The cup of stars symbolizes freedom, the universe, the heavens, the attainment of desire. Eleanor hears the little girl ask for her cup of stars and imagines herself asking for it as well. She tells Theodora she once had one and wants one again; Theodora later mocks Eleanor about the cup. Ultimately, Eleanor does not have a cup of stars and she will never have one. Her personal demons are too powerful to allow her to reach out for what she wants.
Hill House (Symbol)
How does one even begin to sum up the symbol that is Hill House? It is certainly represents a myriad of things. Critic Zoe Heller writes, "There’s no question that, in [Jackson’s] books, the house is a deeply ambiguous symbol—a place of warmth and security and also one of imprisonment and catastrophe. But the evil that lurks in Jackson’s fair-seeming homes is not housework; it’s other people..." The house can alternately symbolize the oppressive mother or the oppressive father. It can symbolize the fractured self. It can symbolize evil in a general way.
There are a multitude of doors in Hill House, and though the four characters try their best to keep them open, they continue to shut and keep them out. These doors, then, symbolize knowledge, self-awareness, and freedom. When they are shut, the characters cannot achieve understanding - not of the House, nor of themselves.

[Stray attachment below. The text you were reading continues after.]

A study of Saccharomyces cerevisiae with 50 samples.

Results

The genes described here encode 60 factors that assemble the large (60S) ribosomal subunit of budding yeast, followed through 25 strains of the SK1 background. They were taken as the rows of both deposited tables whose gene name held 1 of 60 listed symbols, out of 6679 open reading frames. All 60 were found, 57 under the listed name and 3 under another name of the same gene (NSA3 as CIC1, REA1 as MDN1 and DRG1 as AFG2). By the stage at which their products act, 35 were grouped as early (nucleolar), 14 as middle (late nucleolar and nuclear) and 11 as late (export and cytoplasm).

The Road (Symbol)
The road Eleanor takes to Hill House is not just a road. It is a pathway to freedom, to self-awareness. It is a symbol of dissolving her old life and finding a new one. It is a symbol of the end of limits, of new opportunities, of chance and thrill. It is no wonder Eleanor savors every moment she is on that road. The only problem, though, is that the road terminates in Hill House. Hill House's cruel, oppressive hospitality envelops Eleanor and obliterates the road. It holds her tight and does not let her go to the extent that she will never get back on the road again.
The Color Red (Motif)
The color red is associated in this novel with blood, sex, violence, wantoness. It is Eleanor who is doing the work of making these associations, though, and they are almost always involving Theodora. The red sweater that Eleanor chooses for herself seems foreign; Theodora then wears it. Eleanor dislikes the "wicked" red nail polish Theodora uses on her toes. Finally, Theodora's room is destroyed by deep red blood. Eleanor comes to despise Theodora's seductive nature and all that is associated with it.
The Haunting of Hill House Questions and Answers
The Question and Answer section for The Haunting of Hill House is a great
resource to ask questions, find answers, and discuss the novel.